Bill Walton, 1952-2024: So I hated the guy, and then I met him

FILE - Basketball Hall of Fame legend Bill Walton laughs during a practice session for the NBA All-Star basketball game in Cleveland, Feb. 19, 2022. Walton, who starred for John Wooden's UCLA Bruins before becoming a Basketball Hall of Famer and one of the biggest stars of basketball broadcasting, died Monday, May 27, 2024, the league announced on behalf of his family. He was 71. (AP Photo/Charles Krupa, File)

Credit: AP

Credit: AP

FILE - Basketball Hall of Fame legend Bill Walton laughs during a practice session for the NBA All-Star basketball game in Cleveland, Feb. 19, 2022. Walton, who starred for John Wooden's UCLA Bruins before becoming a Basketball Hall of Famer and one of the biggest stars of basketball broadcasting, died Monday, May 27, 2024, the league announced on behalf of his family. He was 71. (AP Photo/Charles Krupa, File)

Never meet your idols. That’s what some folks say, though I’m not one. I met Jack Ham, the peerless Steeler linebacker, and he put up with an hour’s worth of my babbling. I met the guys in R.E.M., and I swear I didn’t rig the 1999 Bracket Fiasco just so Mike Mills could win.

My experience has been that you shouldn’t meet the guys you pulled against — because you might come away feeling confused. Don Sutton was one, having handled the Reds when no pitcher handled the Reds. But the first thing he said to me after joining the Braves broadcast crew was, “You do a nice job.” And I thought, “I harbored unkind sentiments about this discerning reader? Shame on me.”

I never rooted against anybody more than I rooted against Bill Walton. I liked every UCLA team until he arrived, but Walton I could not abide. He was just too good, and he seemed — unlike Kareem Abdul-Jabbar, the essence of stoicism — to revel in being good.

Walton’s first UCLA teams didn’t lose. His senior year began with a narrow victory over Lefty Driesell’s Maryland. I tacked the Sports Illustrated cover of Len Elmore guarding Walton on my dorm wall, buoyed by the hope that somebody might get him this time around. In the 1974 Final Four, David Thompson and N.C. State did, if only just. I didn’t cry happy tears, but I came close.

Flash forward to 1977. The NBA finals matched a wild team I loved — the 76ers of Dr. J, Big George McGinnis, World B. Free and Darryl Dawkins — against Guess Who’s crew. Walton’s Trail Blazers lost the first two games. Then they destroyed Philly. Fans of classic basketball rejoiced. I found one more reason to revile the Big Redhead.

Time passed, as time does. Many years later, my younger daughter informed me she — then a collegian herself — had taken to staying up late just to hear Walton do commentary on Pac-12 games. She added Walton’s book to her Christmas list. Santa accommodated. She told me if I ever ran into him that I should ask him to officiate her wedding. “He does that sort of thing,” she informed me.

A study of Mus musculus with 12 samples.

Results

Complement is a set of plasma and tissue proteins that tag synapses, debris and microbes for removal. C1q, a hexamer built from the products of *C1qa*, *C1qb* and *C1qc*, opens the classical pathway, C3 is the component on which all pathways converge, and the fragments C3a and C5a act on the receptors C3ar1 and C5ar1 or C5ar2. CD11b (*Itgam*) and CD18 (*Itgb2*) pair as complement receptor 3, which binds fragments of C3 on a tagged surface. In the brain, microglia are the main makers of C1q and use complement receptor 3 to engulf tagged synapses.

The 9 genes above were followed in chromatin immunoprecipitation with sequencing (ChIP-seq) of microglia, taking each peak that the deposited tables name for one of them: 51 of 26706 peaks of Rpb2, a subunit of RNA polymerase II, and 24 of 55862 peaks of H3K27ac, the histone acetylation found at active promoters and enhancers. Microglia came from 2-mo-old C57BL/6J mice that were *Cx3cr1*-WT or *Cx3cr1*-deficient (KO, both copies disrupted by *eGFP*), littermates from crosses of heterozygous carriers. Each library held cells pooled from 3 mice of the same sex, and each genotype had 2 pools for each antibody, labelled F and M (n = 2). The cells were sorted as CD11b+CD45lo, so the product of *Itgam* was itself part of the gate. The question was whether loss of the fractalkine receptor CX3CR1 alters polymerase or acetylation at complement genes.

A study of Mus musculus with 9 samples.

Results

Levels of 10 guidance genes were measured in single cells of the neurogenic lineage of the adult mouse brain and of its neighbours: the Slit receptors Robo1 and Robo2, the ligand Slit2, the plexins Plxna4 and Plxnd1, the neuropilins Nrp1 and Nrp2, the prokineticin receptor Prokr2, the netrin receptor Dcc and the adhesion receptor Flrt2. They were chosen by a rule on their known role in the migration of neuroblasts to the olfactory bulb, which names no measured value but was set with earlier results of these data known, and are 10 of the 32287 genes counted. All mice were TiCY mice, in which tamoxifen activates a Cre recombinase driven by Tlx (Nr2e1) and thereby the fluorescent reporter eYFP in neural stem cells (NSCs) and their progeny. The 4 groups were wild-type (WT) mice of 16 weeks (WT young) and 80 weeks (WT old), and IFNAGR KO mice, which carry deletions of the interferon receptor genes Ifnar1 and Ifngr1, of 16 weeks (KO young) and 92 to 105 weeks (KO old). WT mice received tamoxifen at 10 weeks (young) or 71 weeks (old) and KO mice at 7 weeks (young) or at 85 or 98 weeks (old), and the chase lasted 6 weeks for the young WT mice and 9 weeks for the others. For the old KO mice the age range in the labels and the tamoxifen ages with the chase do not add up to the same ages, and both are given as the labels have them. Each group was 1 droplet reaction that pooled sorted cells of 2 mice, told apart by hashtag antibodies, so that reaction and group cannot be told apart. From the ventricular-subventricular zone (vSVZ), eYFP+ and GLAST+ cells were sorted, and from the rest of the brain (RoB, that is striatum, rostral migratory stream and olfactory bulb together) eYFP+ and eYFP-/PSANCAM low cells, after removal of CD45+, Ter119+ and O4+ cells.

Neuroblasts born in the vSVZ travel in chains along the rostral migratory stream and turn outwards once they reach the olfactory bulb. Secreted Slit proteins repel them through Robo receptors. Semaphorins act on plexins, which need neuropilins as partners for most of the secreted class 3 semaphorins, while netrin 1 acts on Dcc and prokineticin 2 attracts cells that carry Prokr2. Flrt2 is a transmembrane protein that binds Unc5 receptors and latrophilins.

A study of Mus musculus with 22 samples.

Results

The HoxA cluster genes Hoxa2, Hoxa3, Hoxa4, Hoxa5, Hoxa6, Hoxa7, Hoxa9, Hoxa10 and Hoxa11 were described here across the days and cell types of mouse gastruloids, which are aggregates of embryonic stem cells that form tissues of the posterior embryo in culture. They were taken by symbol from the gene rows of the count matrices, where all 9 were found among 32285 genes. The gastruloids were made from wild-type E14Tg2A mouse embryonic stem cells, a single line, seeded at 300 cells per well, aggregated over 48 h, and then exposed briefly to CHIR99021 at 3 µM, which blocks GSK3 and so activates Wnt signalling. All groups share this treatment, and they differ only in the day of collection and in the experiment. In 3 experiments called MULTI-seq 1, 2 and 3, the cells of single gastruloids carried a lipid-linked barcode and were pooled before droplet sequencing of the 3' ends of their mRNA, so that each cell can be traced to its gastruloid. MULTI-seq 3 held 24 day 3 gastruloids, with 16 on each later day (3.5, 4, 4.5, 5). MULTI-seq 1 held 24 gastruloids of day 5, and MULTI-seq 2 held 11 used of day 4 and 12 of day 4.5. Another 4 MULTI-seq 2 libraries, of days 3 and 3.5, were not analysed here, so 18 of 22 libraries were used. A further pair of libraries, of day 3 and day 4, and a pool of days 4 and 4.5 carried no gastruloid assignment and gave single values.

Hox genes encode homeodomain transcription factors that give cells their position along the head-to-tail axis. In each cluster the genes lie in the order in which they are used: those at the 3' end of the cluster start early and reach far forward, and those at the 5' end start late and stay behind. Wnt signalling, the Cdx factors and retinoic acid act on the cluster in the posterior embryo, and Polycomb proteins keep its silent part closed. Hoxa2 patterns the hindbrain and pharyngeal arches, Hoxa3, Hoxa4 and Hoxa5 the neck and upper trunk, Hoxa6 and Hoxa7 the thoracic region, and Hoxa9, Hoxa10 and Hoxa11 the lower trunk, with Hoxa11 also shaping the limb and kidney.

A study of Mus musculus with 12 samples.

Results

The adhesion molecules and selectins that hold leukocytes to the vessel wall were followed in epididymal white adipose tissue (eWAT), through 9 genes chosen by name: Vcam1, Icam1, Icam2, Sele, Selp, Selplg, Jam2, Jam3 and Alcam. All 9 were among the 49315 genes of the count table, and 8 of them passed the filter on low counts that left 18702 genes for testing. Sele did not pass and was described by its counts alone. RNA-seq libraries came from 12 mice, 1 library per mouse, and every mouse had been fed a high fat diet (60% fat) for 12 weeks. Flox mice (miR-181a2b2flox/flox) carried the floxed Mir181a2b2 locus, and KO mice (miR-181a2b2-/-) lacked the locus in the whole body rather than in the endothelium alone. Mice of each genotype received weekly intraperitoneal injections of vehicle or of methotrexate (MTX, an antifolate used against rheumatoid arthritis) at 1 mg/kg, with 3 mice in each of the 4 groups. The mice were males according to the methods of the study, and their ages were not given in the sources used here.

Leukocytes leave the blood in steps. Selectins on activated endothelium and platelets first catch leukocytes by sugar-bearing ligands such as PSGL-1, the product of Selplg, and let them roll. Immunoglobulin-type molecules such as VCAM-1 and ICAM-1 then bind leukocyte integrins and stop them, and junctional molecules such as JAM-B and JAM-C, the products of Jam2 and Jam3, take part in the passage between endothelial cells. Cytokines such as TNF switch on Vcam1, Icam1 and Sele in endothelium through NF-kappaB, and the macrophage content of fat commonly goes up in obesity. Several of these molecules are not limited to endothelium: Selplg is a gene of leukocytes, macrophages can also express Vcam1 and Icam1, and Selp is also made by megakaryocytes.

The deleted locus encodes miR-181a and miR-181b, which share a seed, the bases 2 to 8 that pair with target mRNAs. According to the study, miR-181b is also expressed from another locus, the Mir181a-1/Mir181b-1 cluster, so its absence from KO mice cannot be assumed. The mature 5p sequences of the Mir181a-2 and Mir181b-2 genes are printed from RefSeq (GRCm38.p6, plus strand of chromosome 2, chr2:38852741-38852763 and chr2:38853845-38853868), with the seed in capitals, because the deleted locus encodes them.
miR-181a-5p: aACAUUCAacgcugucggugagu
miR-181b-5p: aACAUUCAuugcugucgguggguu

Glendale, Arizona. Final Four 2017. I’m talking with Reggie Theus — a Hawk of one eventful season — on press row. Walton walks by. He and Theus exchange pleasantries. I say to Theus, “Introduce us.” He does. I tell Walton, by way of full disclosure, that I spent three winters rooting like mad against his UCLA.

“Oh, everybody did,” he said. “And we LOOOOVED it.”

What can I say? We talked. It was the highlight of my calendar year. I told him I considered him the second-best college player ever, behind Abdul-Jabbar. I thought he might say, “Whaddaya mean, second-best?” Instead he said, “You’re too kind.”

Mostly kidding, I asked about weddings. He said, “You know, I do that sort of thing.” (So I’d been told.)

We parted, though we spent Saturday and Monday not far apart. He and his wife sat between press rows 1 and 2, just behind the Westwood One radio crew and smack in front of me. I spent that Final Four peeking around the Big Redhead’s graying head, he being really tall.

And I didn’t mind. Heck, I kind of LOOOOVED it.

;

In San Antonio the next April, we were seated similarly. We talked again, old pals now. Nicest guy in the world, that Bill Walton.

He died Monday of cancer. He was 71. My now-married daughter — though not by Rev. Walton; we didn’t ask — texted the news. (She sees everything first.) I was sad for a minute. Then I was glad I’d gotten to speak with him, albeit briefly, and could cease holding him up as the bane of my basketball fandom.

I’m not sure how much I’ve learned in life, but this I know: As much as sports can drive us apart, they can also make us see that, no matter who you play or root for, the people on the other side really aren’t on the other side. They’re just people, too. I thank Bill Walton for helping me see the light.